Google Base: A Guide for Maximum Product Exposure

Google Base is a free service from Google that allows you to submit content, most notably product feeds. If Google finds the content that you have submitted relevant, it may appear on some of their other service offerings such as their Shopping search engine or Google Maps.

Google Base is an excellent way to advertise your products and if you own an internet based shop, there’s no excuse not to use it. First off – it’s free, and the results often appear on the first page of the Search Engine Results Pages (SERPs) so uploading your feed can be a quick and easy way of winning new customers. The one snag is that just three shopping results tend to appear in the SERPs, although if users click through to the Google Base page they will be able to browse the full listings.

This means it is important to try and get each one of the products that you submit to Google Base into the top three listings to maximise your exposure. The Google Base algorithm is not as sophisticated as the full search algorithm and it relies far more heavily on the relevancy of the product feed than any other factor.

Firstly, you will need to consider your product keyword terms. Many people who are looking to buy online will know the manufacturer and/or product code of the item they would like to buy so try and incorporate not just the broad search term, but also the manufacturer and product code into both the title and description of the ad. Google themselves have said in the past that online shoppers tend to search for product characteristics rather than use generic searches. This means it is important to have not just broad search terms in your ad, but also more product-specific information.

The title should contain both the broad search and the product codes for the product, as well as any generic information you can put in. The description should also include as much relevant information as you can. Product searches are often truncated therefore try and load the front end of your description with as many keywords as possible. Take care not to ‘keyword-stuff’ as this may not only see you penalised by Google, but can also put off prospective purchasers. It is important to be truthful when creating your ad – in particular, prices should always reflect the actual price on your site. Don’t be tempted to put lower prices in as this can result in you being penalised or even banned.

Google Base product feeds can also contain custom attributes so make use of this feature. Adding product characteristics will help increase the relevancy of your listing and therefore hopefully push your product’s listing up the rankings.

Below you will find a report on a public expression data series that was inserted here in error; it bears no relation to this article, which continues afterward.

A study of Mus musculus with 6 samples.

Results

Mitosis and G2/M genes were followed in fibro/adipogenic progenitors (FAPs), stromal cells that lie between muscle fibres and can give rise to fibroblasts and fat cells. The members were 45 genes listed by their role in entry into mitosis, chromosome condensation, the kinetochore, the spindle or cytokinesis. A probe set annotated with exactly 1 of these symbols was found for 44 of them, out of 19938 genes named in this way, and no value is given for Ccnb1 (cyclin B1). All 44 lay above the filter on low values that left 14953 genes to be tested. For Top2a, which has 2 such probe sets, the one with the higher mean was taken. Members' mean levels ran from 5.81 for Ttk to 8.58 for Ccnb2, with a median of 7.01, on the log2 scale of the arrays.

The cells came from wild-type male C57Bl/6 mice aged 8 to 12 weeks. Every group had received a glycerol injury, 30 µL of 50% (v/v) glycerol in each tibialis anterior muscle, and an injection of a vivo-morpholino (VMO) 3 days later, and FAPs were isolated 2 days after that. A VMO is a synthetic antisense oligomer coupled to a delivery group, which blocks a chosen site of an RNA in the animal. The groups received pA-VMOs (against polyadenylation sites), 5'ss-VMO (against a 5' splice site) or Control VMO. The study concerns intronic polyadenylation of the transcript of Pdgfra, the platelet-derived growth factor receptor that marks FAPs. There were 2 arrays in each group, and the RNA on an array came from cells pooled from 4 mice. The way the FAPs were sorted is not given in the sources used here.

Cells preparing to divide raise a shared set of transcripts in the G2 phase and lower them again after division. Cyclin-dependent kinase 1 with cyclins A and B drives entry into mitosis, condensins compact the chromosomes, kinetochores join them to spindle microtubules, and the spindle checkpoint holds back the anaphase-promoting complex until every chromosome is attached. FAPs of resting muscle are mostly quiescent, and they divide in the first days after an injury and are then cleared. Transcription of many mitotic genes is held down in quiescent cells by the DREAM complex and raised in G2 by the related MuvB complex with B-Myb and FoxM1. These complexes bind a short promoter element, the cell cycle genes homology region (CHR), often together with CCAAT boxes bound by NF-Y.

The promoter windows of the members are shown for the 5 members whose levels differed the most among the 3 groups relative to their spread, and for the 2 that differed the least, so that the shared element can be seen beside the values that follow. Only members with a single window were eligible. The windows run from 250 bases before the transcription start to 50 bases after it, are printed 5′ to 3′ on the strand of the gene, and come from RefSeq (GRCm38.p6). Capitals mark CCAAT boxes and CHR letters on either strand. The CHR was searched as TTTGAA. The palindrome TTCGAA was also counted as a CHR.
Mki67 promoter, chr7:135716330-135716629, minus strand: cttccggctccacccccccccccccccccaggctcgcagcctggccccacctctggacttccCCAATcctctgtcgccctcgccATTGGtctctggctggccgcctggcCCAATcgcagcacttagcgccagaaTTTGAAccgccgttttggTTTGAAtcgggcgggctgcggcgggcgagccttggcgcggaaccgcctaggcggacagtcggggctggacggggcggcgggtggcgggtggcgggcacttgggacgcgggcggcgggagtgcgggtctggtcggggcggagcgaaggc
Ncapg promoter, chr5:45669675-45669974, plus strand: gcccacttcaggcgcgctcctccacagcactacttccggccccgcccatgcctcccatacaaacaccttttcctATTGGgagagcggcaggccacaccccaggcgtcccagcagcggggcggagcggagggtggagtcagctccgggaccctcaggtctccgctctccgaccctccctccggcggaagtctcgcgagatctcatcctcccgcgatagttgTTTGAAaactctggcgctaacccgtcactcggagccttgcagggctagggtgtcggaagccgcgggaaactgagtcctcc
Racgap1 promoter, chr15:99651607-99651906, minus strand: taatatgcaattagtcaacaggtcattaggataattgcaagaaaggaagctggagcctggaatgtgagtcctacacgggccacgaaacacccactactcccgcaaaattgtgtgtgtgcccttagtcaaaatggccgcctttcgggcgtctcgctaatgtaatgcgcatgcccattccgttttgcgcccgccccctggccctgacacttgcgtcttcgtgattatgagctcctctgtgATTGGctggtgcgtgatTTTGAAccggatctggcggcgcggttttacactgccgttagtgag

The same can be said of taxonomies. Google provides a taxonomy for retailers to use however you can also add your own custom taxonomy into your feed. By picking a strong taxonomy with high relevance, this will again increase the relevance of your products and therefore give your products the best chance of ranking highly.

Images are also useful as there is strong evidence that users are more likely to click on a product listing if a relevant image is attached. Online shoppers like to have a good idea of what it is they are buying so ensure that your images are of the product and are clear and of good quality.

Freshness is also a factor when looking at Google Base feeds. It is advisable to upload your feed on a regular basis to ensure that it is always fresh with the latest prices and stock levels.

Lastly, Google uses seller rating. Although seller ratings won’t impact on your SEO they are a trust factor. If two sellers are offering the same product for the same price and one has a five star average from a large number of buyers whilst one has no history, the user is far more likely to choose to purchase from the first seller as they look trustworthy. Therefore it is important to cultivate as many ratings as reviews from purchasers as possible.

theMediaFlow blog is written by Nichola Stott, who you can follow on Twitter @NicholaStott

About the author


Nichola Stott

Nichola is Founder and Director of theMediaFlow; with over 10 years experience in online marketing, over six of which in search. Nichola learned all about search at Yahoo! as head of UK search partners.